Folt, UNC Leaders Say Whistleblower’s Data/Collection Methods Were Wrong
CHAPEL HILL – UNC Chancellor Carol Folt joined other University leaders Friday to counter the findings of former athletic tutor Mary Willingham, who raised concerns about the literacy levels of student athletes. Faculty leadership said those claims were “erroneous” and derived from a vocabulary test that was not intended to measure reading levels.
At a packed Faculty Council meeting, Provost Jim Dean said Willingham’s research that purported a majority of Carolina’s student athletes read at a level no higher than eighth grade were based on the Scholastic Abilities Test for Adults (SATA). It is a vocabulary test that the University used to screen some student-athletes for potential learning differences/learning disabilities until the 2012-2013 school year. The SATA is not affiliated with the SAT administered by the College Board.
Dean said it is not intended to measure reading competency.
“I will make this personal. My conclusion, based on working with the team doing the analysis, is that any claim made based on this data set is virtually meaningless. It has been grossly unfair to our students. Many of you are faculty and have had these students in class. Using this data set to say that our students cannot read is a travesty,” Dean said.
University officials said they had not seen the full data set that Willingham shared with CNN until Monday in the now infamous article.
Willingham stated publicly that she repeatedly tried to share the data with University officials to raise awareness about the literacy problems she said she had observed.
As reported in the CNN article, Willingham researched the reading levels of 183 UNC football and basketball players from 2004 to 2012. She said that she found that 60 percent read between fourth- and eighth-grade levels.
Folt joined Dean and Steve Farmer, the Director of Undergraduate Admissions, to refute Willingham’s assertion.
“Those grade equivalents were never meant to predict grade equivalence and reading levels. They may, at best, [show] something about vocabulary, but they are not meant to [be interpreted] that way. It is a part of a bigger analysis you do when you do the whole series of tests,” Folt said.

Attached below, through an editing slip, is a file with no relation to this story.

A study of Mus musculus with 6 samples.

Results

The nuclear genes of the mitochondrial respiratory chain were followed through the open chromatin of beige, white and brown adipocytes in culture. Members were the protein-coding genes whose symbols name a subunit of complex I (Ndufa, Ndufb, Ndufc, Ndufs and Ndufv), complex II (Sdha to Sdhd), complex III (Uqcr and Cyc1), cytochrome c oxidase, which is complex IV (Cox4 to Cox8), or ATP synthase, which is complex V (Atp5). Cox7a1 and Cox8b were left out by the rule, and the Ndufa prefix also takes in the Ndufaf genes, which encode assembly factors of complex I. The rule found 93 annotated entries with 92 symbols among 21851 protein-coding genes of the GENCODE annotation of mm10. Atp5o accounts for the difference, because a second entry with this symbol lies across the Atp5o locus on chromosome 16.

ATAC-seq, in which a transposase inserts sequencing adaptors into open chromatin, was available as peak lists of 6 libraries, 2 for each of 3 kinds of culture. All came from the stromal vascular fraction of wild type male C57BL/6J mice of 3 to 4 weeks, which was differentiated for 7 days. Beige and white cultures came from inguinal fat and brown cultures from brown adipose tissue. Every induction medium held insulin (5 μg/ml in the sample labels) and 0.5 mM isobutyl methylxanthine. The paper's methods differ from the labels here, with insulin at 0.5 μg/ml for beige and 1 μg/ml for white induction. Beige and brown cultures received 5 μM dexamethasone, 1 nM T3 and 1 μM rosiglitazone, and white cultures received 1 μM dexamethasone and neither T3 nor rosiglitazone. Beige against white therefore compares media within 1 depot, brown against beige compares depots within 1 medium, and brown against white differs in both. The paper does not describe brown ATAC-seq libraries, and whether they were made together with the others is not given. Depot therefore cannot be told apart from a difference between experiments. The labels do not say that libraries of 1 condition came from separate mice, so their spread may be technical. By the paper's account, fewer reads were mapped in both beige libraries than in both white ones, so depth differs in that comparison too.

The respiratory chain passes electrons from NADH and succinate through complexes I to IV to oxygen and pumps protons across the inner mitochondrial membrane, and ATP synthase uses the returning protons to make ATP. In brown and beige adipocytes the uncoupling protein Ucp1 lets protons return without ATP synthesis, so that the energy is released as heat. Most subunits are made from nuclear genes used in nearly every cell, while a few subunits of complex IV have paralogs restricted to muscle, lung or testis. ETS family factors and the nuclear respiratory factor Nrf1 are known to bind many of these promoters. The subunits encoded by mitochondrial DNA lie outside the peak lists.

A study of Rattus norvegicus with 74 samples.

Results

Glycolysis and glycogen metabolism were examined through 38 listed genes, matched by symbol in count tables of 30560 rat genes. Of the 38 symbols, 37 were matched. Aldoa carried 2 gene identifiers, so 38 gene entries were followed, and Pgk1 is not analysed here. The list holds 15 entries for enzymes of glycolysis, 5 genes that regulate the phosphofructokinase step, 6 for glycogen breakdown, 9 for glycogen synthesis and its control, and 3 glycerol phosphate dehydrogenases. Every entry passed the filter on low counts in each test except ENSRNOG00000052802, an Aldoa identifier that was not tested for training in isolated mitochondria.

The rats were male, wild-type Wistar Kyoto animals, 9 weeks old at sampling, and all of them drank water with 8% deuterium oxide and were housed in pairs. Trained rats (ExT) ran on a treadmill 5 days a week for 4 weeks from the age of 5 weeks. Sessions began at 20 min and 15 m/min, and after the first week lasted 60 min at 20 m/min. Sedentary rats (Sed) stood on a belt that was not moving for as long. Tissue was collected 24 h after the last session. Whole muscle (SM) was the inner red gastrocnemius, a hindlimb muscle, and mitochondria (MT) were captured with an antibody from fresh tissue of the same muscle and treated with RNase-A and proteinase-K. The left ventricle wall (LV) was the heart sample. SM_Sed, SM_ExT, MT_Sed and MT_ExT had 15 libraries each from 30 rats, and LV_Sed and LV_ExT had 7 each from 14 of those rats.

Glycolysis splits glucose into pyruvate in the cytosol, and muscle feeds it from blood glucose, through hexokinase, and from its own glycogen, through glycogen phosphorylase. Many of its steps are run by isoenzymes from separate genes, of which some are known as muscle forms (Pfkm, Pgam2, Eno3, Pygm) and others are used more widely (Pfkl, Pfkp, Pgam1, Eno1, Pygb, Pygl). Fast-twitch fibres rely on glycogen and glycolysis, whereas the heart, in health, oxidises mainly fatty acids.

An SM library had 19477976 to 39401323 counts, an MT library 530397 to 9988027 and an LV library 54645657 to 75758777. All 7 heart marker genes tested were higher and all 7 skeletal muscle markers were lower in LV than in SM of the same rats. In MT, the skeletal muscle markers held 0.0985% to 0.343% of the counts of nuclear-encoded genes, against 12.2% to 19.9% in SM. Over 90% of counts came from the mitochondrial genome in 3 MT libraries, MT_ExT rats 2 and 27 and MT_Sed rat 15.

After examining Willingham’s findings, CNN consulted its own “academic experts” and determined that the threshold for being college-literate is a score of 400 on the SAT critical reading or writing test. On the ACT, that threshold is 16.
CNN’s investigation revealed that in most schools, 7 to 18 percent of revenue-sport athletes read at an elementary school level.
Released Thursday, Carolina’s Office of Undergraduate Admissions used CNN’s definition to analyze UNC’s own SAT and ACT data for special-talent student-athletes enrolled as first-year students.
UNC’s analysis found that between 2004 and 2012, the same time period examined by CNN, Carolina enrolled 1,377 first-year student-athletes through the special-talent policies and procedures.
More than 97 percent of those students met the CNN threshold, according to UNC. Thirty-nine students, fewer than 3 percent, did not.
This data was released the same day University officials revoked Willingham’s research privileges. UNC said the suspension was due to violations of federal and University policies regarding the identification of individual students.
During the hour-long presentation to faculty, Dean shared that this has been a period of hardship for the University.
“Whether you believe the allegations or do not believe the allegations, it has been a source of pain across the University to whatever extent you believe what has been said—it is painful. This is either because you believe that there are some really ugly facts about the University, our admissions process and our student athletes, or you believe that there have been unfair accusations made, or perhaps some combination of the two,” Dean said.
Folt said that Willingham’s raw data set and methodology will be independently evaluated by an outside group, with a report based on the group’s findings to follow.